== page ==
A Healthy Budget: Ensuring Residents Have Access to Healthcare in 2014 and Beyond

The District’s budget for Fiscal Year 2014 offers an opportunity to improve access to health services in the city, especially among low-income, uninsured residents and those in need of mental health services.  While the Affordable Care Act will bring many improvements to health access over the next year, with creation of a new DC Health Benefit Exchange, the District’s health system depends on strong publicly funded programs for uninsured low-income residents including the Healthcare Alliance and Medicaid.  The FY 2014 budget can be used to address gaps in both programs.

Addressing Barriers to Access in the Healthcare Alliance for Residents with Language and Cultural Barriers. The Alliance serves residents with incomes below 200 percent of the federal poverty line who are otherwise ineligible for Medicaid, including noncitizens.  Enrollment in the Healthcare Alliance has declined significantly, in part because of new recertification rules designed by the District to limit the number of non-DC residents accessing the program.  The recertification requires a face-to-face interview every six months, which was expected to reduce the caseload by 20 percent, or fewer than 4,700, but the actual drop during 2012 was nearly 8,000 participants.  This suggests, not surprisingly, that the frequent recertification process is creating barriers to participation among eligible residents, many of whom are working and unable to leave work for frequent in-person interviews.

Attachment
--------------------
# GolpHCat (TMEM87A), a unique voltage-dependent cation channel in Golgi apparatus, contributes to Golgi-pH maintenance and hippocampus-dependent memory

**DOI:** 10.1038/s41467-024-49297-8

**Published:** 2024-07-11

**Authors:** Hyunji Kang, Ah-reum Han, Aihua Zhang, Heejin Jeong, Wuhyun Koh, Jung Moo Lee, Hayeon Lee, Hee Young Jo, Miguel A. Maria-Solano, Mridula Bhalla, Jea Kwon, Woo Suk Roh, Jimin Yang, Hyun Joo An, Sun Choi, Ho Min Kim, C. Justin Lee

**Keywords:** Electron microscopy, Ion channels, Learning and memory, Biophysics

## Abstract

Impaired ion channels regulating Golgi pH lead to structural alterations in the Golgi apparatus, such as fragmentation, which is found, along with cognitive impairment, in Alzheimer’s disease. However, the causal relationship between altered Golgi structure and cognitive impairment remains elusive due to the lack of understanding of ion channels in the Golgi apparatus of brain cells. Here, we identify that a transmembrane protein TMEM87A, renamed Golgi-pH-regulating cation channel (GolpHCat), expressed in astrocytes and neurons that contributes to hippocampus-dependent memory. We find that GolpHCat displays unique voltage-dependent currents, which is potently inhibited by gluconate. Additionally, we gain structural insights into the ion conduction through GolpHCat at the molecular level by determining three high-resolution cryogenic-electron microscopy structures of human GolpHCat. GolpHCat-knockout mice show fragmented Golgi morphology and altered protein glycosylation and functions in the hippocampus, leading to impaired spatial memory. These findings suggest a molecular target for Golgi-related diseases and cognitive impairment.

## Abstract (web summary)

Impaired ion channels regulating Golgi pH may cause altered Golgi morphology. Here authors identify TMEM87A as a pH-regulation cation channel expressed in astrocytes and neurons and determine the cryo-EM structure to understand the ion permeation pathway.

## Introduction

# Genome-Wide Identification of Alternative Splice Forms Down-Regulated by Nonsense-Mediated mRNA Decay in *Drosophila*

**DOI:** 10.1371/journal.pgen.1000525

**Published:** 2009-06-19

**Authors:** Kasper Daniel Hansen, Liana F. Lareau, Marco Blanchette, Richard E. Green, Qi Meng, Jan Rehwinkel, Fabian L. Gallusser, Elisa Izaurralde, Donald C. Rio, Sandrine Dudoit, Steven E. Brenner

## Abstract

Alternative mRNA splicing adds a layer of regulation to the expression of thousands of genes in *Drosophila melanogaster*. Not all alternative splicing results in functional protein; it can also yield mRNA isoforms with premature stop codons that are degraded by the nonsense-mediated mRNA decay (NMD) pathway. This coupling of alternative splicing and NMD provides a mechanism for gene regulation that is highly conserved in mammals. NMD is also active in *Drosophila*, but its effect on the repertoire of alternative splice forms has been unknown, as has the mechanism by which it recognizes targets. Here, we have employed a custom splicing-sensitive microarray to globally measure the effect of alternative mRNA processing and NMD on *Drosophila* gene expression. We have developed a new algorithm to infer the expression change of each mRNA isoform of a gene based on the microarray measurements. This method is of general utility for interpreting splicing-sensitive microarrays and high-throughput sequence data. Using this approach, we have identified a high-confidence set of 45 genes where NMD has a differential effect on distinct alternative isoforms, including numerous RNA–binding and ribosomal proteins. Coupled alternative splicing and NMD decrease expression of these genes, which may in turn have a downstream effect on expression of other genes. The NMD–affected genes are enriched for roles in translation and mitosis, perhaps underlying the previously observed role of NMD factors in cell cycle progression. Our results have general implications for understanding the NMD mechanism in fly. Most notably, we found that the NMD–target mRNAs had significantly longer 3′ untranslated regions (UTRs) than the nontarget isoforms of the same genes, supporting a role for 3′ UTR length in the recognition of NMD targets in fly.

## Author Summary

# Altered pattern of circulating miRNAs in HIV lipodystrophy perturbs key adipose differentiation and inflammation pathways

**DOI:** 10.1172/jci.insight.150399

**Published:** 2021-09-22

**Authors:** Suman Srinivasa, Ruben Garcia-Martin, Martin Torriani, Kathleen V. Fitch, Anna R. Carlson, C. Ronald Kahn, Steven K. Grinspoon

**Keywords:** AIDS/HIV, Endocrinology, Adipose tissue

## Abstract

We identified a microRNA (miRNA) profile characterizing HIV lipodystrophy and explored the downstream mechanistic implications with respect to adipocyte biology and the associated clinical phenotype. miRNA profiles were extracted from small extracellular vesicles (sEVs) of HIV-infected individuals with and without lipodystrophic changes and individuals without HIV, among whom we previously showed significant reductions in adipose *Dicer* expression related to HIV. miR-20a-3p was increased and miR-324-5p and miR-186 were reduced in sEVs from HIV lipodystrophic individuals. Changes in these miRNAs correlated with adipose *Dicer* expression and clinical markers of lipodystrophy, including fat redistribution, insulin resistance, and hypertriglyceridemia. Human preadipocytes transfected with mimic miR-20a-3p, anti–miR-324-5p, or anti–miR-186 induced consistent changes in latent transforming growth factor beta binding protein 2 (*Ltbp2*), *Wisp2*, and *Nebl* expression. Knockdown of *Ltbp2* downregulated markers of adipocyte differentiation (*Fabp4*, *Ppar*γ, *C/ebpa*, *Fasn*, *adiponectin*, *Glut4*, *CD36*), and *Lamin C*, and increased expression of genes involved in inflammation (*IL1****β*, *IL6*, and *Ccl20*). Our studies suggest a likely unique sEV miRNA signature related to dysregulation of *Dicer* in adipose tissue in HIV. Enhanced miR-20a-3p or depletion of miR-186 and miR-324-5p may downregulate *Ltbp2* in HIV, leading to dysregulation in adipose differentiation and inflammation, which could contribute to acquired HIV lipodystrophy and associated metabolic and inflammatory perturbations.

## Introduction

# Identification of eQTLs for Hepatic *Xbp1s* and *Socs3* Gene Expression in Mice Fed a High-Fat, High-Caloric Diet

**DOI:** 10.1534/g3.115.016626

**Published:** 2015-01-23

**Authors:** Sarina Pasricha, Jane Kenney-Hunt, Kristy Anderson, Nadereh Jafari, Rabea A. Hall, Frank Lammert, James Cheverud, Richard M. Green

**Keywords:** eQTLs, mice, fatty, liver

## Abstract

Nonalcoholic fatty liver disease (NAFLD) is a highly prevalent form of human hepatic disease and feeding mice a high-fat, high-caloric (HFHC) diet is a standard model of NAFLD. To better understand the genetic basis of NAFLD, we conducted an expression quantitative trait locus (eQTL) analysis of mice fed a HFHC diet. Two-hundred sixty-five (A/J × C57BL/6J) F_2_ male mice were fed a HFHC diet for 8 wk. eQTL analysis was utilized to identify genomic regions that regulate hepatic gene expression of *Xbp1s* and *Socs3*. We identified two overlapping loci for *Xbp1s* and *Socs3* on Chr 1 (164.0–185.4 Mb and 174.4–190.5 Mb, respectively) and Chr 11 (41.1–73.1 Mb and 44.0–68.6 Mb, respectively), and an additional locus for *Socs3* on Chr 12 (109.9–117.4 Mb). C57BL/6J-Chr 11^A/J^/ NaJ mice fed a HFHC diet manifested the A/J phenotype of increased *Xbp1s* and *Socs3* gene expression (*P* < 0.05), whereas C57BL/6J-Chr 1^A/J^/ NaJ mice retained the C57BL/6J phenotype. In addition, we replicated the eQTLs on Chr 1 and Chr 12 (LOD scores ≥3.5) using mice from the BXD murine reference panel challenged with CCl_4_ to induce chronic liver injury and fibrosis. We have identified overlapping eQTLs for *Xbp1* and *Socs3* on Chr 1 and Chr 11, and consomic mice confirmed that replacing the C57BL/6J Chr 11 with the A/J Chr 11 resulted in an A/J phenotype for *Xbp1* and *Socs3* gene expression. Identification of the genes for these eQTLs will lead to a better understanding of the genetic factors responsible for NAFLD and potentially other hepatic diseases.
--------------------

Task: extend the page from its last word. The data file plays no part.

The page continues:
Mayor Gray should maintain funding for the Alliance in FY 2014, rather than diverting savings from enrollment declines to other programs. Moreover, as the District implements a coordinated eligibility and enrollment system under health reform, DC should begin aligning Alliance’s recertification with Medicaid’s annual renewal to reduce barriers to participation.

Increasing Medicaid reimbursement for Mental Health Services will help increase access to providers and address growing mental health disparities in our community.  As a result of low Medicaid reimbursement rates, there aren’t enough mental health providers serving Medicaid recipients.    The Districts’ reimbursement rates for mental health services have gone unchanged since 2001.  When taking inflation into account, the average 2012 reimbursement rate is 19 percent lower than in 2001.   As reimbursement rates fall behind medical inflation and other operating costs, providers are unable to maintain services.

Given that, the District’s FY 2014 budget should adjust reimbursement rates for lost ground and adjust them in the future to keep pace with inflation.  This should improve the number mental health providers and help ensure timely access to treatment for low-income residents.